The Great War saw the death of over a million British and Empire troops. Of these the vast majority were on The Western Front in France & Flanders. Here the focus for grieving would eventually come to be centred on The Somme & the Belgian town of Ypres.
By Christmas 1914 the trenches immediately east of Ypres formed a huge bulge thrusting into the German lines. For the following four years it was fought over relentlessly as the German army tried to clear it. The casualties were horrendous - by 1918 these few square miles held close to quarter of a million British & Imperial dead. In 1920 a Canadian Lieutenant Colonel, Henry Beckles Willson, described it as The Holy Ground of British Arms. However, as I grew up old men who were there spoke with pride and bitterness of The Immortal Salient.
The uniqueness of this place in British & Commonwealth history, and perhaps the inspiration for Willson, was expressed by a sign erected among the shattered ruins of the town in the immediate aftermath of the conflict.
NOTICEThis is Holy Ground.No Stone of This fabric may be taken away.It is a Heritage for all CivilisedPeoples.Town Major
The first visitors to the battlefields, initially an expensive and complicated business, were gentry who had the resources to make the journey. Editha Bigland of Bigland, near Cartmel visited Festubert in a vain search for the grave of her only son, George, killed in 1915. In July 1920 Edith Squarey MacIver of Wanlass How, Ambleside and widow of David MacIver of Birkenhead set out to visit the graves of her two sons and a stepson. She was accompanied by Albert, the chauffeur, her surviving son, Alan McIver M.C., late of the 20th Lancashire Fusiliers, and Hugh ‘Cherry’ Sanderson. Edith kept a journal of the trip.
We went into Ypres by the West entrance and then out by the south to see a farmhouse, called by the Brigade Woodgate House, where Alan's Brigade H.Q. were for a time in 1918. The ruin of Ypres is indescribable, there are no houses left in the town and the place us full of Army huts of all sorts and sizes.
At Pilckem Ridge,
Barbed wire and all sorts of debris, bits of accoutrement, broken trucks, dud shells lay about, and here and there tanks pounded out of all likeness to themselves, and here and there a solitary cross among the grass. Silent and solemn tokens of what the place was like two years ago and since 1914. These remains were even more frequent when we went to Langemarck along the Poelcapelle road. Before getting to Langemarck we turned off along a little road to look for a concrete German pillbox, which was Alan's Brigade H.Q. for about two months in 1918, which they called "Varna Farm". Here the shells etc lay about thickly. It was some time before Alan found it but he did at last. He picked up a rusty English rifle and I an English helmet, but it had a hole in the side and a bullet must have gone through it into the man's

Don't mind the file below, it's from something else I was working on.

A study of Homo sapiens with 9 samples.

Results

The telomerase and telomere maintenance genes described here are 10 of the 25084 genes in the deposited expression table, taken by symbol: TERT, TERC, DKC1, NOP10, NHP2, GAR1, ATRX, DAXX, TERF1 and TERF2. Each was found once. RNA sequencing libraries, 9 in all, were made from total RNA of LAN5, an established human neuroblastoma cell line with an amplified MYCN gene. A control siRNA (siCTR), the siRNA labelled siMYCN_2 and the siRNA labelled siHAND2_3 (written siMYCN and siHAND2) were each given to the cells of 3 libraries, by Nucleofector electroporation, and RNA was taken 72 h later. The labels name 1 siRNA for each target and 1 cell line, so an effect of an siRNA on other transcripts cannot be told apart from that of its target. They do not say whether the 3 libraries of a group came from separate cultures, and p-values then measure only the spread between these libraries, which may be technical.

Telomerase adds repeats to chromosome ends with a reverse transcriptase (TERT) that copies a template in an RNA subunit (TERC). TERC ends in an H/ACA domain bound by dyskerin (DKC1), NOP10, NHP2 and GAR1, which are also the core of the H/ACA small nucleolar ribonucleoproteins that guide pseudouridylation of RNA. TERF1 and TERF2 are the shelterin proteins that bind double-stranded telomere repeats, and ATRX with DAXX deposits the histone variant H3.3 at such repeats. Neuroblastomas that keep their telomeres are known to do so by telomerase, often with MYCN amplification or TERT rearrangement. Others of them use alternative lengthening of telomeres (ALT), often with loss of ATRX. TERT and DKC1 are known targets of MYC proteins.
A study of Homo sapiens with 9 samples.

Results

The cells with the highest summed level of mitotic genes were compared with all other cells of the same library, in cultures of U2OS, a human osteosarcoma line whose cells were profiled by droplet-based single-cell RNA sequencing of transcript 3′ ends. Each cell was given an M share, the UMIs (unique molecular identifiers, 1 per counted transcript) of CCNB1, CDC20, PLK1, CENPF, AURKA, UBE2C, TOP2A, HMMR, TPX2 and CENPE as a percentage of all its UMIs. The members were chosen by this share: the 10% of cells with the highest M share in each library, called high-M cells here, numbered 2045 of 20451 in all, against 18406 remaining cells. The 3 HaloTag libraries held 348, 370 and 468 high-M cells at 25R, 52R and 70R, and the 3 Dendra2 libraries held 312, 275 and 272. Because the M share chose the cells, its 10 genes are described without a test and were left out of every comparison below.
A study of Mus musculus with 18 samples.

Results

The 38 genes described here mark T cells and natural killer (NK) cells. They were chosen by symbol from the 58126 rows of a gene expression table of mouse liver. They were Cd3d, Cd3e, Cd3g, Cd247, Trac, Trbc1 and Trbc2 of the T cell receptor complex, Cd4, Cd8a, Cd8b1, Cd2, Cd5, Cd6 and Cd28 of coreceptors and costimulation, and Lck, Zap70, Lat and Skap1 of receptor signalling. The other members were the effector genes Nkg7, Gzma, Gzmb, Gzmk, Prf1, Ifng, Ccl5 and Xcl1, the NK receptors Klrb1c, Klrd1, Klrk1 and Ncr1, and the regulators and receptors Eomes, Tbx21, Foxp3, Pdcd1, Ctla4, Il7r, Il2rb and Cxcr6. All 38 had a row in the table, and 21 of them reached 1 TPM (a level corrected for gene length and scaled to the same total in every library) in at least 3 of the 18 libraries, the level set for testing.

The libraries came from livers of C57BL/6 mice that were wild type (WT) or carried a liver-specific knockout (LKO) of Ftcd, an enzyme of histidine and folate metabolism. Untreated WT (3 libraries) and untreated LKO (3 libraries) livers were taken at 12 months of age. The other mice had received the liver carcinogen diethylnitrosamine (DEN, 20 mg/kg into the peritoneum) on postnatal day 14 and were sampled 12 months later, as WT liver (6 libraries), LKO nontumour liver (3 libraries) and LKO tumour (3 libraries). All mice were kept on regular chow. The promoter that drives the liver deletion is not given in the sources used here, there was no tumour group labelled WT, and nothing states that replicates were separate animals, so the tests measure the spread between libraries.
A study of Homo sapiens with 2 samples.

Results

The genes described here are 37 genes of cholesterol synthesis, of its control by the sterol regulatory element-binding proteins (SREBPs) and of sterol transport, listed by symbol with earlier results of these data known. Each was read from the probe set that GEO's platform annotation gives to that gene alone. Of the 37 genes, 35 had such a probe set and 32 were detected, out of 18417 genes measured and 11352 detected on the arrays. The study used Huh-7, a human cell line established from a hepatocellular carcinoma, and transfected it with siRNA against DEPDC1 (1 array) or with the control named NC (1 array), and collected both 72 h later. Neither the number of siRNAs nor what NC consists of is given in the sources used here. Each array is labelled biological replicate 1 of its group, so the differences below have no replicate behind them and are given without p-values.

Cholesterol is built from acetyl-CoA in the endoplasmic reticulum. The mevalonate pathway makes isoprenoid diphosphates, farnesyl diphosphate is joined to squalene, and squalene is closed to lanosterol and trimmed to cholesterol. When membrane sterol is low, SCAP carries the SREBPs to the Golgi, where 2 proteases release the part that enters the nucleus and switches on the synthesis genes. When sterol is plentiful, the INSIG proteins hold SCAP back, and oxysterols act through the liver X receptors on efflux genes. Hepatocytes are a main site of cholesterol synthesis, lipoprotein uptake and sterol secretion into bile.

head, so I put it down again and left it.
They made their way to La Clytte and the grave of Captain Andrew Tucker Squarey MacIver, Edith's eldest son,
The cemetery is not so near the church as I expected and is of course full of crosses in neat rows. English soldiers were working in it: one soldier was an inspector of cemeteries. An Englishman married to a French woman is in charge now. We soon found Andrew’s cross in the earlier part. His cross has been touched by shell fire, a bit of the circle broken and the top too. The grass is long but it is the light flowering kind and there were tiny pansies and
pimpernel among it. The soldier got a bit of turf off in front of the cross for me to put in the Manor Hill pansies and Wanlass earth. He stood beside me all the time. I sent one or two wild anspy roots to Wanlass and they have flourished in the rockery.
They went on to visit the graves of Robert & Reg MacIver. Edith acquired Reg's cross and put it in the garden at Wanlass How. I presume it rotted away years ago. All three MacIver brothers have brasses in the small and now redundant church at Wray, above Windermere and are commemorated on various other memorials around the Lakes and in the Wirral.
As the 1920s progressed 'pilgrimages' became accessible to the masses, culminating in the great 1928 British Legion Pilgrimage to commemorate the tenth anniversary of the armistice. At some point during these years these Lakeland veterans, bemedalled, bowler hatted and accompanied by their wives, returned to the scenes of their youth. This photo inscribed on the back - Vimy Ridge - is one of my most treasured possessions. I found it in the early 1980s among a pile of burnt household junk, fly tipped in an old quarry near Coniston.